EGG sector leaders have written to the RSPCA to express concerns about new standards to be introduced by RSPCA Assured for its laying hen farmer members.

The new requirements, announced in early November, have been met with bewilderment by senior poultry sector figures, who say they were not informed of the incoming standards.

See also: Read in detail what the RSPCA Assured standards require

RSPCA Assured said in an update to its standards verandas would be required for new and refurbished free-range layer farms from 1 May 2024. It also said a new standard would require natural daylight provision in all farms by 2030.

Poultry sector figures have told Poultry.Network that they were aware of the discussions but thought consultations were still underway.

That sentiment is reflected in a letter from both the British Egg Industry Council and Bfrepa to the RSPCA, who said the commercial layer sector had ‘significant and serious concerns’ about the new standards.

Physical and management challenges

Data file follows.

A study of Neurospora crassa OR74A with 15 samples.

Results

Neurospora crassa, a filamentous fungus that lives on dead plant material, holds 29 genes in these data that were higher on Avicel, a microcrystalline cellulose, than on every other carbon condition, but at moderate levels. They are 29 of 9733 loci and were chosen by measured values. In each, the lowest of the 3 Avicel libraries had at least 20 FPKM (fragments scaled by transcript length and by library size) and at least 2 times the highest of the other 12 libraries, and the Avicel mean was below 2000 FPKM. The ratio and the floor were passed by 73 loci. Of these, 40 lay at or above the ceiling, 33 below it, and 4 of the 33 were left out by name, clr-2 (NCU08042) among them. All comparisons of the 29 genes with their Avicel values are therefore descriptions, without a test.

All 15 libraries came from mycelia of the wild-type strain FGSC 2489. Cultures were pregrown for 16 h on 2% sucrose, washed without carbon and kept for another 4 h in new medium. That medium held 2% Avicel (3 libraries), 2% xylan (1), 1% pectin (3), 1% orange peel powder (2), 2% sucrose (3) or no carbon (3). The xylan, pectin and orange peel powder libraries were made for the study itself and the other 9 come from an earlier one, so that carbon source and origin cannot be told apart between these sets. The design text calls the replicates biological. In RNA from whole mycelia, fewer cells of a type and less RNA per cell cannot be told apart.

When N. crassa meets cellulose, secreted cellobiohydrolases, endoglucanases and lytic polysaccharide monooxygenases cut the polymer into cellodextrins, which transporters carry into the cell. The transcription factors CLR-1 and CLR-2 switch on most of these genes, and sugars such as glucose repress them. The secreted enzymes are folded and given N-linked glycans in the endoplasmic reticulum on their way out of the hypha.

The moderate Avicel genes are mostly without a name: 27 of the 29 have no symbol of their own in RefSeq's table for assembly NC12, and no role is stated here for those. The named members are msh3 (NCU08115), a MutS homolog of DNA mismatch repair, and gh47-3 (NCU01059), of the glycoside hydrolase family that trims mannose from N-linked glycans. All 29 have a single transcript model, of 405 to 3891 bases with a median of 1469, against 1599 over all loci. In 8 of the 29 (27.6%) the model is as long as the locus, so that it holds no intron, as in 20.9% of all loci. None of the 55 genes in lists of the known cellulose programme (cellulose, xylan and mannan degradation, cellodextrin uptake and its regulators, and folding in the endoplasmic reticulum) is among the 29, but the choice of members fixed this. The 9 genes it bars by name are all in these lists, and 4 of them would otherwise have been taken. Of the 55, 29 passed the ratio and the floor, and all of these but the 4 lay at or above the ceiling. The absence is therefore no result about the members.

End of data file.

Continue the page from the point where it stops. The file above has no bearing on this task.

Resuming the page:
The letter says verandas on some sites “by reason of topography or ventilation” would be physical impossible to install.

There are also concerns over bird management in sheds with windows.

The poultry sector has estimated the cost of installing verandas at £10/bird, leading to a £260m investment across the entire free-range flock. “We do not believe that the significant cost can be recovered from the marketplace, and free-range producers cannot be expected to bear this cost,” the letter adds.

‘Deep concern’

It ends by requesting an urgent meeting with senior management figures at RSPCA Assured.

“In conclusion, we are deeply concerned by these new standards and their proposed
introduction without proper industry consultation,” the letter concludes.

The lack of scientific evidence and cost-benefit analysis is also extremely disappointing and there will be significant cost implications for the free-range sector.

“This sector has been an overwhelming success for British agriculture and we wish for this to continue.”